I often make the argument that trading options is superior to trading stocks. Now, I’m not talking about investing in stocks… if your goal is to collect dividends, you obviously need to buy stocks, writes Jay Soloff Monday.
But when it comes to trading (short to medium-term holding periods) options are almost always the better choice.
Generally, options traders will point to the built-in leverage of using options and the ease of access to underlying assets which would otherwise be difficult to afford. However, I believe the most important benefit to options is their flexibility. Most significantly, being able to tightly define your risk parameters for any given trade is a huge advantage to using options versus stocks.
Because you can you can buy and sell both calls and puts, it opens up a massive variety of options combinations (what we generally refer to as spreads). Throw in combinations of options and stocks (covered calls, delta neutral trading, etc.), and you’ve got nearly unlimited choices.
One type of spread you’ll often see professional traders use is the ratio spread, or the ratio backspread, to be more specific. This type of trade essentially has too much risk involved to be used by most casual traders. A standard backspread consists of buying an option near the money (call or put) and selling two options in the same expiration at a higher (call) or lower (put) strike.
This type of spread is very popular because it greatly reduces the cost of the trade by selling two of the farther away options. On the other hand, the double short strike means there’s unlimited risk if the underlying asset prices moves through the strike. That’s why this is a common trade among pros but generally avoided by the casual options trader.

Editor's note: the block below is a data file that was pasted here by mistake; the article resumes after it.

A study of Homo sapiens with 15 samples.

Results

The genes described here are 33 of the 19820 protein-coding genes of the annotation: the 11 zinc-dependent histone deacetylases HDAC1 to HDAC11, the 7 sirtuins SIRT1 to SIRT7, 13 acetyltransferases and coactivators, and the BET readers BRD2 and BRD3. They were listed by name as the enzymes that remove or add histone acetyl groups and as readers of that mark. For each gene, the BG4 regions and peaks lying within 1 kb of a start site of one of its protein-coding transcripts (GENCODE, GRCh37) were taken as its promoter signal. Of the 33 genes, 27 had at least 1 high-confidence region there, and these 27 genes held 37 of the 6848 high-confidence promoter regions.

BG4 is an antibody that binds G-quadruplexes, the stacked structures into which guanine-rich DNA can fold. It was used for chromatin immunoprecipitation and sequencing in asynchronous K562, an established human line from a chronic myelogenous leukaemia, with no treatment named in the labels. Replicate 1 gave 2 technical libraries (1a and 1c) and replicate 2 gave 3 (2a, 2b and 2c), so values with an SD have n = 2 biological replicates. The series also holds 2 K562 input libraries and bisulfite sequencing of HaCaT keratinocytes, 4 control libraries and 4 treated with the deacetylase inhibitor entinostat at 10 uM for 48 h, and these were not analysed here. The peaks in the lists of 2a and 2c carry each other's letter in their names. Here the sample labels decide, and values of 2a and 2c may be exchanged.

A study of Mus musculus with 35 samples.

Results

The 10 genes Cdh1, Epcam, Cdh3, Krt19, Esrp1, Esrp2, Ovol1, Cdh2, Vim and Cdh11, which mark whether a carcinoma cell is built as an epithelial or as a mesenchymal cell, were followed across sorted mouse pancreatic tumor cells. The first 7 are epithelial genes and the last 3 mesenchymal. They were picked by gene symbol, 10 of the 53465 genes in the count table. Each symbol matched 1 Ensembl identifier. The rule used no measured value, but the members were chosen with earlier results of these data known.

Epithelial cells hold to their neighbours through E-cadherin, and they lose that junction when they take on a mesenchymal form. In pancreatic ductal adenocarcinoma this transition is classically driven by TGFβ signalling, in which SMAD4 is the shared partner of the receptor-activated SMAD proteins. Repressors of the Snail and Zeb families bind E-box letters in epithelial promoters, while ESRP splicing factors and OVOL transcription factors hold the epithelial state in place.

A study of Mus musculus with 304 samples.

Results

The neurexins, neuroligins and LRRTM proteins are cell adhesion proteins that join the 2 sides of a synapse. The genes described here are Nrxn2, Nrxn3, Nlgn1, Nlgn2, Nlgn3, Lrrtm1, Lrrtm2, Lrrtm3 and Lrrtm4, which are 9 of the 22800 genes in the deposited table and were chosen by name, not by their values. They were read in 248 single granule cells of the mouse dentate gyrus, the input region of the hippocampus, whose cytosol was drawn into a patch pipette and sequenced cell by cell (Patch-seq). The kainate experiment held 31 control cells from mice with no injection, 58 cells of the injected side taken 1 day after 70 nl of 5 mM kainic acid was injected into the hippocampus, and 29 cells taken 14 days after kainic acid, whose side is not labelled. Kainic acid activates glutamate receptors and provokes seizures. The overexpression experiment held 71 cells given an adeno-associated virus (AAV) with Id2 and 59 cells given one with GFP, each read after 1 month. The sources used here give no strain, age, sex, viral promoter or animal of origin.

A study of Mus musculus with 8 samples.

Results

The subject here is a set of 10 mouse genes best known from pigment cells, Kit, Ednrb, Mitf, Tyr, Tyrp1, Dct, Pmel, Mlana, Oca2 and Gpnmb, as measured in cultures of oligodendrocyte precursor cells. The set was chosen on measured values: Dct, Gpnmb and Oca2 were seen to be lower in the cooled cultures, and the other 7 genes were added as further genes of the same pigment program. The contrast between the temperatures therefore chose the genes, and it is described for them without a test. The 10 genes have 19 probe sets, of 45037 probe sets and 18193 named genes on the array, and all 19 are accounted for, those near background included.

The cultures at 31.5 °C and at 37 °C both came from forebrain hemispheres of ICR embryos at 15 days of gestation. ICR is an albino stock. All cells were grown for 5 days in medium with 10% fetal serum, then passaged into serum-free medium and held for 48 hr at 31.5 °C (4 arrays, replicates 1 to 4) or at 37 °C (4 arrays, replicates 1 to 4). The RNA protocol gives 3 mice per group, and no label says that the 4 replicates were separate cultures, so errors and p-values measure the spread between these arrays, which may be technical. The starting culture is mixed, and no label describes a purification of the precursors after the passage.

Nevertheless, you can still glean a lot of information from large block backspreads which hit the tape. (There are also ways to roughly emulate the trade without taking on the same amount of risk.) In fact, a very interesting ratio backspread hit my screener last week which provides a moderately bullish take on Morgan Stanley (MS).
The spread expires in October and was put on with MS trading at $50.72. The trader purchased 15,000 of the October 52.5 calls while selling 30,000 of the 57.5 calls. Selling double of the higher strike reduced the total cost of the spread to just $0.97.
By reducing the spread cost under $1, the trader has pushed the potential return up to $4.03 or 415% gains, with breakeven at $53.47. The spread buyer also is only risking $0.97 if MS stays below the breakeven point. However, there is considerable risk above $57.5… $1.5 million for every dollar the stock moves above that point.
Keep in mind, the trader is spending almost $1.5 million to place the trade (and stands to gain over $6 million if MS closes at $57.5 on October expiration). That’s a lot of money to put down on a three-month trade. As such, there’s clearly a strong opinion – backed by capital – that MS is going higher, but not to the moon, by October.
Let’s say you like this trade, but don’t want to expose yourself to the upside risk (or margin requirement). You can simply turn the spread into a standard vertical spread and pay $1.20 instead of $0.97. It’s a reasonably close price to the backspread detailed above without all the risk.
So why would someone want to save just $0.23 on a spread if it comes with all that additional upside risk? First off, the strategist clearly believes MS isn’t going higher than $57.5 by October. Moreover, he or she could easily hedge the position with shares (or possibly already has done so).
Finally, $0.23 doesn’t seem like a lot if you’re doing a 5-lot, but when you’re doing 15,000… well, it makes a big difference ($345,000 to be exact).